Thursday, October 05, 2006

hastert: self-preservation that just won't quit

dennis hastert finally came out of hiding, but he still refuses to resign his post as speaker of the house. amusingly (considering my shorter foley post yesterday), he now says "the buck stops here". even abc news notes that this is pretty much the opposite of what he's said before today:

The House ethics committee opened an expansive investigation into the unfolding page sex scandal Thursday by approving four dozen subpoenas for witnesses and documents, as the House Republican leader held his ground against pressure to resign.

"I'm deeply sorry this has happened and the bottom line is we're taking responsibility," Hastert said at a news conference outside his district office in Batavia, Ill.

"Ultimately, the buck stops here," the speaker said.

Hastert was abruptly changing the tactics he has followed since the scandal broke last week. As recently as Wednesday, he blamed Democrats for the scandal and insisted he had done nothing wrong.

tpm muckraker has the video of the press conference, and also notes:

The House Speaker used his responses to reporters' questions to reiterate GOP successes at the end of this congressional session; take a shot at former GOP aide Kirk Fordham, who says he told Hastert's staff in 2003 about Foley's problems; and insinuate that the Democrats had created the scandal because they didn't have a message to win the elections.

even when "taking responsibility", hastert can't help but try to blame the democrats. (unfortunately for him, the whistleblower was a republican.)

according to fox news, the longer hastert remains speaker, the worse things get for republicans:

House Republican candidates will suffer massive losses if House Speaker Dennis Hastert remains speaker until Election Day, according to internal polling data from a prominent GOP pollster, FOX News has learned.

"The data suggests Americans have bailed on the speaker," a Republican source briefed on the polling data told FOX News. "And the difference could be between a 20-seat loss and 50-seat loss."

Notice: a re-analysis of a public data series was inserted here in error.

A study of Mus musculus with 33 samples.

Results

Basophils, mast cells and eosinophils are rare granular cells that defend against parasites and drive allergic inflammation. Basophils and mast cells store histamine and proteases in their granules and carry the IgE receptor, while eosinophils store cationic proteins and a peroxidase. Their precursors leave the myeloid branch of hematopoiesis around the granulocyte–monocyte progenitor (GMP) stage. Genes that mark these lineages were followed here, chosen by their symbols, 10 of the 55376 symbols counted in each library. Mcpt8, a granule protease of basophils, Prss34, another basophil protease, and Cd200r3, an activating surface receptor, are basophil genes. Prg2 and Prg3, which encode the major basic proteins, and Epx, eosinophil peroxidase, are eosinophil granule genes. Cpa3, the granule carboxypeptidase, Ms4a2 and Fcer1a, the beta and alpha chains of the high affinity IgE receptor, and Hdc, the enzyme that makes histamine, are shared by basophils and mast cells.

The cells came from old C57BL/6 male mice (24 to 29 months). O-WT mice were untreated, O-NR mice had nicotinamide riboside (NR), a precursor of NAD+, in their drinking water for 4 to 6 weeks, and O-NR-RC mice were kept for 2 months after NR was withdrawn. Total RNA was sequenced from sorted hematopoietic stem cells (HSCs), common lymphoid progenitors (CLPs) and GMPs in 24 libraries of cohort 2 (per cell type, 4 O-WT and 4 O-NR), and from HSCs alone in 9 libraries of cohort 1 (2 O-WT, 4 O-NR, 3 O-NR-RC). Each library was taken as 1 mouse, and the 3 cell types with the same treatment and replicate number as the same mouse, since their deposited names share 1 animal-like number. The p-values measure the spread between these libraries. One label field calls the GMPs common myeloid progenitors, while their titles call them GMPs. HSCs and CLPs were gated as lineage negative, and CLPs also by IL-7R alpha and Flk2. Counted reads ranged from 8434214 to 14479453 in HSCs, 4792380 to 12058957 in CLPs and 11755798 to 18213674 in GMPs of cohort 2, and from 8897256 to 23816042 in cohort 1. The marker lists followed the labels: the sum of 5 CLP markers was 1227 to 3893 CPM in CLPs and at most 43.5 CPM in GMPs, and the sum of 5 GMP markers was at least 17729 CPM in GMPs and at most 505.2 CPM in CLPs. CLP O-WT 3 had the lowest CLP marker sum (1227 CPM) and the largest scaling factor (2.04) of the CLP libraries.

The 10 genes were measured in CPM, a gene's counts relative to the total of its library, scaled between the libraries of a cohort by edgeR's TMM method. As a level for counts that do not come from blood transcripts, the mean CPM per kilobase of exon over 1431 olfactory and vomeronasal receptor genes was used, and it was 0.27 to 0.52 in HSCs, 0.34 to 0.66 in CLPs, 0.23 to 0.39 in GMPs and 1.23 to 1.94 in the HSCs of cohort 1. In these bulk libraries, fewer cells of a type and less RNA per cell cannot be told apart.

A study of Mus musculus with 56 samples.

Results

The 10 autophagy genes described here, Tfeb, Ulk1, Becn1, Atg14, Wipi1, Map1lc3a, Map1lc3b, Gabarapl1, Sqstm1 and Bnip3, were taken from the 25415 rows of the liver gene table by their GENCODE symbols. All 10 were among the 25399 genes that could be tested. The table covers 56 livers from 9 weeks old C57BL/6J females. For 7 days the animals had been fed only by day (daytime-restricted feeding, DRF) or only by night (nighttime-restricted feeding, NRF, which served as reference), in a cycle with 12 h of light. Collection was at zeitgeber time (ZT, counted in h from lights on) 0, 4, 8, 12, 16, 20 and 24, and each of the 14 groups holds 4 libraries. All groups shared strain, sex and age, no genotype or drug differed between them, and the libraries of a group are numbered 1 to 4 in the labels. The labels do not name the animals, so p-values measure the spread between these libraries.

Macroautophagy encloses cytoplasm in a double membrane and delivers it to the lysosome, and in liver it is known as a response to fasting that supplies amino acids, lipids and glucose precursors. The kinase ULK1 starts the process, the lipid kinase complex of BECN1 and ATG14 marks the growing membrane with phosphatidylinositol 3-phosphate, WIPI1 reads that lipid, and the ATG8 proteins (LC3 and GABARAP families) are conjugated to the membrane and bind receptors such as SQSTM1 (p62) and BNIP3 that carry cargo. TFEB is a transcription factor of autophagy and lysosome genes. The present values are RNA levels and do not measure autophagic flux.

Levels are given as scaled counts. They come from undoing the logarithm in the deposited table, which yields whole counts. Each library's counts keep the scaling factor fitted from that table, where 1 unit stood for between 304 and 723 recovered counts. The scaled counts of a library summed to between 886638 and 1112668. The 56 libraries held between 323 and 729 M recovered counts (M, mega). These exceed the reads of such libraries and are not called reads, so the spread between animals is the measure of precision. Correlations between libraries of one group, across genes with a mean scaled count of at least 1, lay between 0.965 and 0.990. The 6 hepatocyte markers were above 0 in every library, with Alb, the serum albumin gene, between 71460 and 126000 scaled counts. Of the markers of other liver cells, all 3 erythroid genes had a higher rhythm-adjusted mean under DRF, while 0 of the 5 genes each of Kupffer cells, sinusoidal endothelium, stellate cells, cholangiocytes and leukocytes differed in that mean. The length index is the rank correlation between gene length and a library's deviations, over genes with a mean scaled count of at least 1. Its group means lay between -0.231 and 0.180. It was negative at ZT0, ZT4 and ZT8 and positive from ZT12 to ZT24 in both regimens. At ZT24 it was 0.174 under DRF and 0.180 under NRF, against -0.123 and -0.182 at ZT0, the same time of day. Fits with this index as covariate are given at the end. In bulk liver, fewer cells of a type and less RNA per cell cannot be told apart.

Most GOP lawmakers have stood by Hastert, pending a full airing of the facts in his handling of the Mark Foley affair, in which the former Florida representative was caught exchanging salacious messages with teen pages in Congress. The new polling data, however, suggests that many voters already have made up their minds.

as glenn greenwald explains (see update V), things went from bad to worse after the resignation of foley's former chief-of-staff, kirk fordham. fordham at first appeared to want to keep things quiet, but after his fellow republicans immediately tried to make him into a scapegoat, fordham seemingly had a change of heart:

I intend to fully cooperate with any and every investigation of Mr. Foley's conduct. At the same time, I will fully disclose to the FBI and the House Ethics Committee any and all meetings and phone calls I had with senior staffers in the House Leadership about any of Foley's inappropriate activities.

The fact is, even prior to the existence of the Foley email exchanges I had more than one conversation with senior staff at the highest levels of the House of Representatives asking them to intervene when I was informed of Mr. Foley's inappropriate behavior.

One of these staffers is still employed by a Senior House Republican Leader.

Rather than trying to shift the blame on me, those who are employed by these House Leaders should acknowledge what they know about their action or inaction in response to the information they knew about Mr. Foley prior to 2005.

josh marshall has more on fordham.

meanwhile, apparently abc apparently made a redaction mistake (corrected as soon as abc discovered it), which an obscure right-wing blogger used to discover and, unconscionably, publish the identity of one of foley's victims. i won't link to that; i didn't even want to know the victim's name, though it's difficult to avoid by now (my link is to think progress, which also refuses to link, so it should be safe to click). but high-profile right-wingers like instapundit eagerly linked, spreading the victim's name far and wide. as michelle malkin notes, the victim's name is now one of technorati's top search terms. (and seriously, when michelle malkin thinks her fellow republicans have gone too far, they have gone way, way too far.)

this story is developing so quickly that it's hard to keep track of it all, let alone actually write about everything. for the latest, i'd recommend checking tpm muckraker as well as abc's the blotter (which broke the story).

1 comment:

syntax said...

i'm glad you're on this, mang... this whole thing has been so frickin' overwhelming, it's hard to keep up with it all.